A protester holds up a Greek flag during an anti-austerity demonstration in front of the parliament in Athens February 22, 2012. (YANNIS BEHRAKIS/REUTERS)

The Greek debt that really isn’t Add to ...

Greece’s slow recovery and crushing debt load are propelling the country toward its third bailout. That’s the conventional view. Jeroen Dijsselbloem, president of the euro zone’s finance ministers’ group, said as much the other day and Greece’s Finance Minister, Yannis Stournaras, is lobbying hard for a second debt-crunching exercise.


Barring another catastrophe, the loans probably will be paid back. But it will happen so far down the road, and at such as a low relative financial cost to the Greek state, that complaining about the size of the debt today, as Mr. Stournaras is doing, seems a rather hollow exercise.

On paper, Greece’s debt is indeed horrendous. Measured against gross domestic product, it is the highest in Europe by a long shot (Italy, with debt-to-GDP of about 130 per cent, is second) and almost twice as high as the average among the 18 euro zone countries. In the industrialized world, only Japan’s is higher.

There is no doubt that the debt is unsustainably large for such as small, feeble and battle-worn economy. The sad truth is that Greece doesn’t make much that the world needs, so the country can forget about an export-led manufacturing bonanza to cure its woes. But that doesn’t mean an economic rebound is out of the question.

Greece’s recession is coming to an end after six horrific years, during which the economy shrank 25 per cent, pushing the jobless rate to more than 27 per cent. While growth will be barely perceptible this year, it should rebound next year. Unemployment is finally nudging down, foreign investment is picking up, tourism is at record levels and the treasury has made a small but triumphant return to the bond market.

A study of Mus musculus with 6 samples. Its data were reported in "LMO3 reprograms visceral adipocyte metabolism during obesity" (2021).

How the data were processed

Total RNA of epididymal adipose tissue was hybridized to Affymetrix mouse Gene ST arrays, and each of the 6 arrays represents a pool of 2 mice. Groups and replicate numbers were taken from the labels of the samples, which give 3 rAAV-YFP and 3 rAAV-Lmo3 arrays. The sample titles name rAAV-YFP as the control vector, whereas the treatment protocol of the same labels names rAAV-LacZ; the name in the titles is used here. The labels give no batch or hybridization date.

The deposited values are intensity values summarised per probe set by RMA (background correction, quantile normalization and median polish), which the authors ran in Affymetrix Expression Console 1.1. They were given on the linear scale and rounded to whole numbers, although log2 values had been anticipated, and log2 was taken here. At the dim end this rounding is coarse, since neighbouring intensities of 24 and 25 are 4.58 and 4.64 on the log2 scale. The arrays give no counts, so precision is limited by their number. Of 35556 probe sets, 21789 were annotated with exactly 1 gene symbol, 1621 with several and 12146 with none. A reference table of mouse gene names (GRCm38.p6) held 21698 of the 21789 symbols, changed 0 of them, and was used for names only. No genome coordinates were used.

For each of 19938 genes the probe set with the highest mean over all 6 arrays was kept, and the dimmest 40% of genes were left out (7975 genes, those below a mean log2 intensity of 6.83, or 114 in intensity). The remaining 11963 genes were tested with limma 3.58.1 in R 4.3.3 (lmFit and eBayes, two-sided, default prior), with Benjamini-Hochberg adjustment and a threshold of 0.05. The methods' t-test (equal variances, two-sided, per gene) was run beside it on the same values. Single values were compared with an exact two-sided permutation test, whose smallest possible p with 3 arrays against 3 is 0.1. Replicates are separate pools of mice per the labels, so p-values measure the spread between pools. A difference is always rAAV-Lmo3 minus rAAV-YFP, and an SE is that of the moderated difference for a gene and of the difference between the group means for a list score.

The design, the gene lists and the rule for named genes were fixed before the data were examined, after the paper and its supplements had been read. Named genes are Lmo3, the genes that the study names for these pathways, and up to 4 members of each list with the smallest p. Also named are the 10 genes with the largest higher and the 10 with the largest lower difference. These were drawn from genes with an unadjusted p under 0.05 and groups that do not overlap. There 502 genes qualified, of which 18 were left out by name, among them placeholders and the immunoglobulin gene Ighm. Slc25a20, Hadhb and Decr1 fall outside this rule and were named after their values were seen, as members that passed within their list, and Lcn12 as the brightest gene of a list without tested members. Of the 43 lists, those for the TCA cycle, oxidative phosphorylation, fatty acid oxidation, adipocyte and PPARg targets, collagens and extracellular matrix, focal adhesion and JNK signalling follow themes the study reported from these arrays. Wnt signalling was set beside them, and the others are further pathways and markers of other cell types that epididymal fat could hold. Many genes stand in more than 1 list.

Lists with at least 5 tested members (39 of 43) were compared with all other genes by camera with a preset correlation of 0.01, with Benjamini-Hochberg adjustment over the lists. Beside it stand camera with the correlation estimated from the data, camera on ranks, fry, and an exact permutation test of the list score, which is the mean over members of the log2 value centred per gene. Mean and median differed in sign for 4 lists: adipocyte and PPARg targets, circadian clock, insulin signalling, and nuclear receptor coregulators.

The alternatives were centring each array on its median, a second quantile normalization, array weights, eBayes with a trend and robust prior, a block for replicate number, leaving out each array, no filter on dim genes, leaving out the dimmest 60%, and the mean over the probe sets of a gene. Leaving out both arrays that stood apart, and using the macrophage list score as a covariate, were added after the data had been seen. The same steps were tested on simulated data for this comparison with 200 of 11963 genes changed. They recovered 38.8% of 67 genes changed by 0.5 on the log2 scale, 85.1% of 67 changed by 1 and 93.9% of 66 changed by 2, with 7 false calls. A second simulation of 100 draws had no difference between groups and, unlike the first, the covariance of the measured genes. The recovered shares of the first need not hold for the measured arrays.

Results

If you believe Greece’s bailout sponsors – the European Union, the European Central Bank and the International Monetary Fund, collectively known as the Troika – Greece’s debt should fall to about 128 per cent of GDP by 2020. The figure assumes longer-term growth of about 3 per cent and rising primary surpluses (the budget surplus excluding debt payments), neither of which is sheer fantasy. Greece is already posting a small primary surplus, one that should expand nicely after 2014. It also assumes tax “buoyancy,” economist-speak for the belief that tax revenue growth will exceed GDP growth.

The unrealistic bit is the Troika’s assumption that privatization revenues will go from a trickle to gusher. The privatization campaign has pretty much gone nowhere since the country’s first bailout in 2010. The whole effort is so bureaucratic, unpopular and politically charged that any revenue assumptions are wild guesses.

The Organization for Economic Co-operation and Development thinks the Troika’s debt reduction forecast is optimistic – it forecasts Greek debt at 157 per cent of GDP in 2020 – and it could be right. But so what? In late 2012, when the Greek crisis was near its peak and its recession getting worse by the minute, the EU took pity and deferred for 10 years the interest on €144-billion ($215-billion) in loans from the European Financial Stability Facility, the original bailout program. The gift covered almost half of Greece’s public debt and was estimated to save Greece about €13-billion by 2016 alone. Debt maturities were lengthened and the interest on a smaller, but still significant, loan from the first bailout was reduced to half a percentage point above the euro interbank offered rate (Euribor).

The upshot is that Greece’s cash debt payments in the next few years will be the equivalent of 3 per cent of GDP. That should be manageable. It’s also possible that Greece will get more gifts later this year, when it goes pleading to the EU for more relief. But given the extensive maturity extensions and interest reductions awarded so far, any new repayment program will be little more than symbolic, better PR value than financial value.

What Greece really wants is a massive debt writeoff similar to that suffered by private creditors that, in one fell swoop in 2012, knocked more than €100-billion off the country’s debt load.

Dream on. Today, the vast bulk of Greece’s debt is held through the EU and IMF bailout funds, with some Greek bonds on the ECB’s books. The threesome is in no mood to take a haircut on their Greek debt and have said so. If some relief is given, it would, again, be largely symbolic and political, perhaps designed to give Greece’s pro-austerity centre-right government a boost as the radical left, anti-austerity party, Syriza, comes on strong. Syriza placed first among Greek voters in May’s European Parliament elections.

What the Greece government and the Troika will not tell you is that the Greek debt is becoming so cheap and its maturities so long that calling it debt is to stretch the definition of the term. The money it owes occupies a netherworld between real debt and free money. Other bailed-out countries should be so lucky.